By Rob Christopher in Arts & Entertainment on Oct 8, 2007 2:15PM

This is part of Chicagoist's continuing coverage of the Chicago International Film Festival.

2007_10aerial.jpg Today is too hot and too humid to hang around the house. Instead, head over to the Landmark Century to catch the final screening of an amazing film from Argentina called The Aerial. We were late catching this one yesterday, but boy, we're glad we did. Picture a film from the late silent era codirected by Terry Gilliam, Tim Burton and Georges Melies, and you'll start to get a sense of this magical dystopian fantasy. A vast city is controlled by an evil media CEO known as Mr. TV, who has stolen all the people's voices (they can only "speak" using subtitles, which are integrated into the visual fabric of the movie). Using a sinister new device, he conspires to steal their words as well, and the only person who can thwart his plans is a young boy with a secret: He can use his voice.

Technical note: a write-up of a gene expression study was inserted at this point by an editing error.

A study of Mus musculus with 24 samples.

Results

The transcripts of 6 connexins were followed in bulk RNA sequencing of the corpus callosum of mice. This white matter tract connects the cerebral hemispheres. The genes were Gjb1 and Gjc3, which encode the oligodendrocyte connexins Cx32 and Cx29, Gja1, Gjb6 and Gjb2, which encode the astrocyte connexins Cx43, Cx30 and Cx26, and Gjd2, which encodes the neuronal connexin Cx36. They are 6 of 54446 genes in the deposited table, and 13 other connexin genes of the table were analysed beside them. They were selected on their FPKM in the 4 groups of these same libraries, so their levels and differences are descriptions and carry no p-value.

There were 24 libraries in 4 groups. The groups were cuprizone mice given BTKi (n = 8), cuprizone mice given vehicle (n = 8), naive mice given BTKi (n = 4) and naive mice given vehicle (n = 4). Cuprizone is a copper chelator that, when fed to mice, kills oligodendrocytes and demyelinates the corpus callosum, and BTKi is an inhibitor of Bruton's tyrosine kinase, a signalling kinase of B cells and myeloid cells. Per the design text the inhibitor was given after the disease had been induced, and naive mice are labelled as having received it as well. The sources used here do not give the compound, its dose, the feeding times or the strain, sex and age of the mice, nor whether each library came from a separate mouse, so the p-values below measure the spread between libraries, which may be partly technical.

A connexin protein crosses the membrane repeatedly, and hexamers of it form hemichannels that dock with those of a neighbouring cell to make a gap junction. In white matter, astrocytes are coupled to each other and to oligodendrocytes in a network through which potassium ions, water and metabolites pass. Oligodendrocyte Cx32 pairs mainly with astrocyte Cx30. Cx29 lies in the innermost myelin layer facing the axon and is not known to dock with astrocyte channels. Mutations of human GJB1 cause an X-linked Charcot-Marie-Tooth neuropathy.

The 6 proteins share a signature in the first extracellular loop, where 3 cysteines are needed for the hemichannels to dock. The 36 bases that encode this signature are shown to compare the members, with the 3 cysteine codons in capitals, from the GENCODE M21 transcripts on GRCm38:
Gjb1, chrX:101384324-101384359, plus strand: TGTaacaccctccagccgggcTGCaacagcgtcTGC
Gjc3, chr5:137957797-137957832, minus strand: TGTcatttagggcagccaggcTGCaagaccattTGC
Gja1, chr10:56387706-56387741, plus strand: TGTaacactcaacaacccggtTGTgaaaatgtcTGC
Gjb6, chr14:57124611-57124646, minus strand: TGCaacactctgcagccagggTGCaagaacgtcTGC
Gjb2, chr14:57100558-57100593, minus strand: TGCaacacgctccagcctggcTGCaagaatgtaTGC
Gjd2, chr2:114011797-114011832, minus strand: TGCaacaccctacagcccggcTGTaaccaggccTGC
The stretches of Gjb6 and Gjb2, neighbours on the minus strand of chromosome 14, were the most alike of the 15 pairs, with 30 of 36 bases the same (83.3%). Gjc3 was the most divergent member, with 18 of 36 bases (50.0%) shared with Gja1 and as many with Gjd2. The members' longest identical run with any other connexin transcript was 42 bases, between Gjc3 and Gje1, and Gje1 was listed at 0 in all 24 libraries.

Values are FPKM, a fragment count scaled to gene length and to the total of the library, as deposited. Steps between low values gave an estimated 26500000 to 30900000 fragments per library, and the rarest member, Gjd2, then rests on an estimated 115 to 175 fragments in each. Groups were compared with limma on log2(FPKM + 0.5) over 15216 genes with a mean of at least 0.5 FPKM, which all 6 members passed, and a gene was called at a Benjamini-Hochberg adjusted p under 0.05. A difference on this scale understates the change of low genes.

Shot in delirious black and white and crammed with all sorts of inventive reuses of cinematic tricks (optical printing, miniatures, superimposition, stop-motion animation), it puts to shame most Hollywood special-effects extravaganzas. Much like The Science of Sleep, it's a celebration of the organic, the "homemade," the analog. It's snowing during most of the movie, which makes an elegant visual shorthand for film grain, and there is also a preoccupation with spirals and electricity that are positively Lynchian. At its core, though, this is simple fairy tale of good versus evil that just plain looks awesome. Besides, doesn't watching a bunch of snow sound great right about now?

The Aerial has its final screening this afternoon at 3:00. Call 312-332-FILM. (Image via CIFF.)